Staff & Sling

Joseph E. Hébert, Ph.D.

98119 N 3745 Rd
Okemah, OK  74859
918 623 3078

Thanksgiving & Hanukah 2013

I am continually amazed at the capacity of people for denial.

"How could they let that happen, and do nothing?"

"Oh! Don't be ridiculous. That could never happen here."

Today is Thanksgiving. It is also Hanukah. And while the outcomes couldn't possibly be more opposite, the similarity of circumstance is more stark, more condemning, than you think or will probably care to admit.

Hanukah, also called the Festival of Lights, or the Feast of Dedication (as it is referred to in Scripture), commemorates a miracle from the Intertestamental Period. It happened in the aftermath of Alexander the Great's reign, when his empire was divided between his generals. Judea had come under Macedonian-Greco control and one Antiochus Epiphanes (Antiochus IV) was ruler. He had already taken possession of, and desecrated, the Temple in Jerusalem, and was committed to assimilating the Jews into Hellenistic culture (which is where Hellenist Jews came from).

Of course, you must understand that this was not the result of Epiphanes' own megalomania. This was very much expected, even required, by the Macedonian-Greco culture he represented.

In order to assimilate the Jews he outlawed all of their practices. They weren't allowed to slaughter cattle in a way to keep them kosher, they weren't allowed to circumcise their male children, they weren't even allowed to study the Torah (which is why the dreidle exists today, but that's another story). The point is, he made it illegal to practice Judaism.

Well, it happened that one day some soldiers came to a priest named Mattatias (Matthew). They attempted to force him to sacrifice a swine on the alter, but even under the threat of death he would not. When one of his fellow Jews stepped up and offered to do so, in what would be an ironic effort to keep the peace, Mattatias was so enraged that he took the sword intended for the swine and slew the man who would compromise their faith in, and commitment to, the Lord. This event triggered revolution (hence the irony).

Mattatias' son, Judah, became one of the leaders of the revolution. His nickname was Maccabee, the Hebrew word for "hammer." He was called Judah Maccabee, and the revolution he lead was called the Maccabean Revolution.

The Jews would regain control of the Temple in Jerusalem. They would purify it and rededicate it to the Lord, but they ran into a difficulty. They needed to light the Menorah, the Golden Lampstand, and keep it burning day and night perpetually, but that required kosher oil. There was some oil there, but only enough to keep it burning for one day. And it would require eight days to establish a new supply.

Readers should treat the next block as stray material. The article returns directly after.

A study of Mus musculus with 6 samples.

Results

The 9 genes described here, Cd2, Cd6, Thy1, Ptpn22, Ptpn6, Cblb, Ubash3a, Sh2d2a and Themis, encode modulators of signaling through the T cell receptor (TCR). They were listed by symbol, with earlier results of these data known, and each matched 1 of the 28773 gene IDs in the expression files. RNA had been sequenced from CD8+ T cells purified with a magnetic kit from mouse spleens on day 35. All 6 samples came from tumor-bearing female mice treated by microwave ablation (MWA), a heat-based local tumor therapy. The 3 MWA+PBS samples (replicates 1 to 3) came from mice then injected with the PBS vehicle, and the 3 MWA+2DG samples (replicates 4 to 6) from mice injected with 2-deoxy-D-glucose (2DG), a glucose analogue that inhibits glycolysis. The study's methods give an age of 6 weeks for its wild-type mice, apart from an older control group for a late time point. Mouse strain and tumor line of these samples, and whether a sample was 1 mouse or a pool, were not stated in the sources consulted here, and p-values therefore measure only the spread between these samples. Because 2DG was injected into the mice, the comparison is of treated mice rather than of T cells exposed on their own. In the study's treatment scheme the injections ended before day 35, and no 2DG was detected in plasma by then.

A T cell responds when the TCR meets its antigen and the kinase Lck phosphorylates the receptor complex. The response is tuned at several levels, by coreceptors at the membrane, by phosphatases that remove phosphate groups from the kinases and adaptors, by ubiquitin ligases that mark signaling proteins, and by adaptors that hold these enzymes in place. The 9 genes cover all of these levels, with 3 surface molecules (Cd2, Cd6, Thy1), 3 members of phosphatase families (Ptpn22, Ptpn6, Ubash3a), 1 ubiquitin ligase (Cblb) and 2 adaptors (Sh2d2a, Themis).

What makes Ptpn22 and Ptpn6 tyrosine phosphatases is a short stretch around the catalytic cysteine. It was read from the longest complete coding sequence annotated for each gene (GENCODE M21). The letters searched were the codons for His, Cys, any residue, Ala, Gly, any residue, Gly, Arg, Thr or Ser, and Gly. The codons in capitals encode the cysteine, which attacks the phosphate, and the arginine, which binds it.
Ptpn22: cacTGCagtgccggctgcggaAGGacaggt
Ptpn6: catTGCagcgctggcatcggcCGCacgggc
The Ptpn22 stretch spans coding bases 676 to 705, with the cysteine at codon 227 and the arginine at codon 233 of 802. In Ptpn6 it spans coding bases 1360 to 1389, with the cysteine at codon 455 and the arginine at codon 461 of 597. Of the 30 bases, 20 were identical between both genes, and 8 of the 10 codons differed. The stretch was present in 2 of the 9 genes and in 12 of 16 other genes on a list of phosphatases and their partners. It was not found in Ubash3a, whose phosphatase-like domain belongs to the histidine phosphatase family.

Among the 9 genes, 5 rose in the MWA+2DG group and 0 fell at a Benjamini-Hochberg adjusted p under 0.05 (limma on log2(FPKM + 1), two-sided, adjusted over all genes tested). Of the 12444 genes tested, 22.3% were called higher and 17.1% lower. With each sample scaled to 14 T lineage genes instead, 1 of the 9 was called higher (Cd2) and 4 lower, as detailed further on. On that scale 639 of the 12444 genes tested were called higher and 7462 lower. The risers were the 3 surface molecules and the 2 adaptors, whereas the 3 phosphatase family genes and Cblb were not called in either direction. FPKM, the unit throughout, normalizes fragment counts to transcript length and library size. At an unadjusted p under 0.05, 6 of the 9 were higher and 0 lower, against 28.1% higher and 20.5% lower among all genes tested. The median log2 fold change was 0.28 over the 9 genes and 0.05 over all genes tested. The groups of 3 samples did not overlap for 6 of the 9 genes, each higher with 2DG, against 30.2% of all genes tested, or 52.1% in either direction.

Some wanted to postpone the dedication of the Temple until that new supply was established, but others decided to go ahead and trust the Lord to provide. They lit the Lampstand with the remaining oil, rededicating the Temple to the Lord, and that single day's supply of oil miraculously burned for all of the eight days it took to establish a new supply. The Lord provided.

And that's this Gentile's understanding of Hanukah. That's why it's called the Festival of Lights, or the Feast of Dedication, and that's why it lasts for eight days. That's even the reason for the four letters on the dreidle today. They stand for the phrase "A Miracle Happened There," in Hebrew of course, unless the dreidle is in Jerusalem in which case the last letter is changed from a shin to a peh (A Miracle Happened Here).

"But what has any of this to do with Thanksgiving," you ask? Because, while we're indulging in the bread and circuses of bountiful food and Black Friday (or Grey Thursday this year), on the same day the Jews are declaring "A Miracle Happened There," we should be asking "How can it happen here?"

Think about it. Today Barak Obama, the same Barak Obama who told Israel they would have to give up their own land to appease those who have openly declared and repeatedly demonstrated that nothing short of Israel's destruction will appease them, is helping to secure nuclear arms for Iran. All the while he is closing our embassy in the Vatican. Then, in true Epiphanean fashion, he is telling Americans that they're no longer free to practice their Christian faith.

We must now leave our faith behind in order to conduct business or otherwise venture out into the public square. Even if you choose to forego operating a business, even if you choose to stay in your homes and churches as it were, he still requires that you purchase health insurance that must include abortion coverage. He isn't forcing you to slaughter a pig on a stone altar; he is literally requiring you to participate in the slaughter of innocent children on the altar of Secular Humanism.

Barak Obama is become Antiochus Epiphanes to the Liberal Left's Macedonian-Greco culture. And in a grand gesture of both compromise and denial, while the Jews are celebrating God's benevolence and providence, we are giving thanks with no memory of to whom, or for what, we're supposedly thankful. And like Mattatias' ill-fated contemporary, most of us deserve the fate that awaits.